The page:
LA takes steps to eliminate coal from its portfolio
Originally published March 21, 2013
The Los Angeles Department of Water and Power said it took "historic steps" toward eliminating coal from LA’s power supply as the LADWP board on March 19 approved moves to sell its stake in Navajo Generating Station and to convert the coal-fired Intermountain Power Project to a gas-fired plant.
The board directed staff to develop a final transaction agreement to sell LA’s 477-MW stake in the Navajo Generating Station to Salt River Project, which would end LA’s use of coal-fired power from the 2,250-MW plant by the end of 2015, LADWP said. A final agreement is expected to be approved by both parties later this summer, with consideration by the Los Angeles City Council thereafter, LADWP said. If a final agreement can be reached and approved by each party’s governing bodies, this will end LA’s role in the coal-fired plant more than four years earlier than mandated by California state law, the municipal utility said.
LADWP’s board on March 19 also approved a contract that will enable the utility to completely transition out of coal power from the Intermountain Power Plant in Delta, Utah, by 2025 at the latest, with efforts to begin that transition no later than 2020.
"The era of coal is over. Today we affirm our commitment to make Los Angeles a cleaner, greener, more sustainable city," said Mayor Antonio Villaraigosa. "By divesting from coal and investing in renewable energy and energy efficiency, we reduce our carbon footprint and set a precedent for the national power market." The Board of Water and Power Commissioners continued its efforts to meet environmental mandates efficiently and in a cost effective manner while maintaining a reliable power supply for our customers," said board President Thomas R. Sayles.
"We are very pleased that we have made progress with Salt River Project to enable moving forward with the negotiation of the final agreements that would enable LADWP to fully divest of coal power from Navajo by the end of 2015," said LADWP General Manager Ronald O. Nichols. "This will close a chapter on our reliance on coal-fired power in Los Angeles. Our efforts to create a clear path to ending our use of coal-fired power from the Intermountain Power Project is also a major achievement for a complex arrangement involving 30 Utah public power utilities and six California municipal utilities who receive power from that project. This allows us to focus on the new low-carbon future of Los Angeles."
Eliminating coal power from Intermountain Power Plant was more complex than negotiating the terms of sale of Navajo because LADWP does not own any part of IPP, the utility said. IPP is owned by 23 municipal utilities in Utah and supplies power to 30 utilities in Utah, as well as six municipal utilities in Southern California that purchase power from the 1,800-MW plant under a long-term power purchase agreement that expires in 2027.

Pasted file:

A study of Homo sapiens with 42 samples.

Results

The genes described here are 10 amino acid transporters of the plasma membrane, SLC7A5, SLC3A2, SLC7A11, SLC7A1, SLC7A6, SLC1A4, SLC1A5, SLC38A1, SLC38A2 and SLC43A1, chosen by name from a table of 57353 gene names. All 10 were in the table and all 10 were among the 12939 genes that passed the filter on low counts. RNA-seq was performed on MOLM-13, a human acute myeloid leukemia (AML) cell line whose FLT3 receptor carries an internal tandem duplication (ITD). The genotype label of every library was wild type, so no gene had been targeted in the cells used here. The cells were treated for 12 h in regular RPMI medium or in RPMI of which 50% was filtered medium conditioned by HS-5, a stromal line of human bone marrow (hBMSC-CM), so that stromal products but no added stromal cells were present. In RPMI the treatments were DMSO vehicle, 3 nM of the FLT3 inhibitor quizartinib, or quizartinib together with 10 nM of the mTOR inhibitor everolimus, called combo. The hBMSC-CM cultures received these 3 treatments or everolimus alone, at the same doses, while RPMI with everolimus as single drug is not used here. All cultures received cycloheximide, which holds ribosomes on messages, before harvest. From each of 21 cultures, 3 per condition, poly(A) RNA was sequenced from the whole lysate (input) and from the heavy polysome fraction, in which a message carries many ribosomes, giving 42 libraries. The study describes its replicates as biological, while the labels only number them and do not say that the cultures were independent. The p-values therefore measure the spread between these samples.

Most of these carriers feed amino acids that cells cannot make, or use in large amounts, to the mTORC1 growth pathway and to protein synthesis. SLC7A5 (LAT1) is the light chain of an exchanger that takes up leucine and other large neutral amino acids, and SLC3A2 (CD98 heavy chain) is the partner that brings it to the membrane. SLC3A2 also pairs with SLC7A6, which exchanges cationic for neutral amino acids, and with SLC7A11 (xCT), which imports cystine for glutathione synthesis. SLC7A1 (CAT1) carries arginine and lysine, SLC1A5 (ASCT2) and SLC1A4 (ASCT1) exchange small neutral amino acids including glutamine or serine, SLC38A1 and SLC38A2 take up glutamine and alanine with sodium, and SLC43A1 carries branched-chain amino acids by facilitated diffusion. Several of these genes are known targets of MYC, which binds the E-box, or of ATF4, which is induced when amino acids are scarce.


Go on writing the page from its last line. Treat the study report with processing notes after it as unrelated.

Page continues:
The LADWP board approved LADWP’s portion of an amendment to the long-term power sales agreement to stop taking coal power from IPP earlier than 2027 and build a smaller natural gas plant that complies with California emission standards. Under California law (SB 1368), electric utilities will not be allowed to import power into the state that exceeds a fossil fuel emissions cap after their current contracts expire. The emissions cap is set at the level of an efficient, combined-cycle natural gas power plant.
LADWP and other Southern California municipal utilities will continue to receive renewable energy from Southern Utah from the Milford Wind project; with power delivered over the same transmission line that presently also delivers power from the Intermountain Power Project, LA said. The contract provides for beginning LADWP’s transition out of coal power from IPP with the commencement of engineering, design and construction of the smaller natural gas-fired generating plant by 2020, and completely eliminating coal power from IPP no later than 2025. The smaller plant, estimated at between 600 to 1,200 megawatts, will allow LADWP and the other local municipal customers to develop more renewables and bring it to Southern California along existing transmission lines.
"Working with IPP and its other customers, we have developed a win-win-win solution that is good for Southern California and good for Utah," said LADWP Senior Assistant General Manager–Power Aram Benyamin. "Siting and building a new power plant and the transmission lines to deliver replacement power to Los Angeles would have cost at least twice that of rebuilding at IPP. By using an existing power plant site and existing DC Southern Transmission System for delivery of power from the future project and transforming it we will save money, time, reduce emissions by over two-thirds that of the existing plant, be able to build more renewables and bring that power home to Los Angeles. That’s a homerun."
The amendment to the IPP contract is subject to approval by the Los Angeles City Council, will be considered by the other municipal purchasers and is currently being ratified by the 23 Utah owners, LADWP said.
"Eliminating coal is one leg of our transformation, but we can’t stand on that leg alone–we have to replace that power supply," said Nichols. "That is why for several years now and for several more to come, LADWP has been taking steps to replace coal power with a combination of greatly increased commitment to energy efficiency, expanded renewable energy, and balancing that with a necessary amount of low-carbon natural gas power. All of these elements will come together to ensure a reliable, cost effective power supply transformation."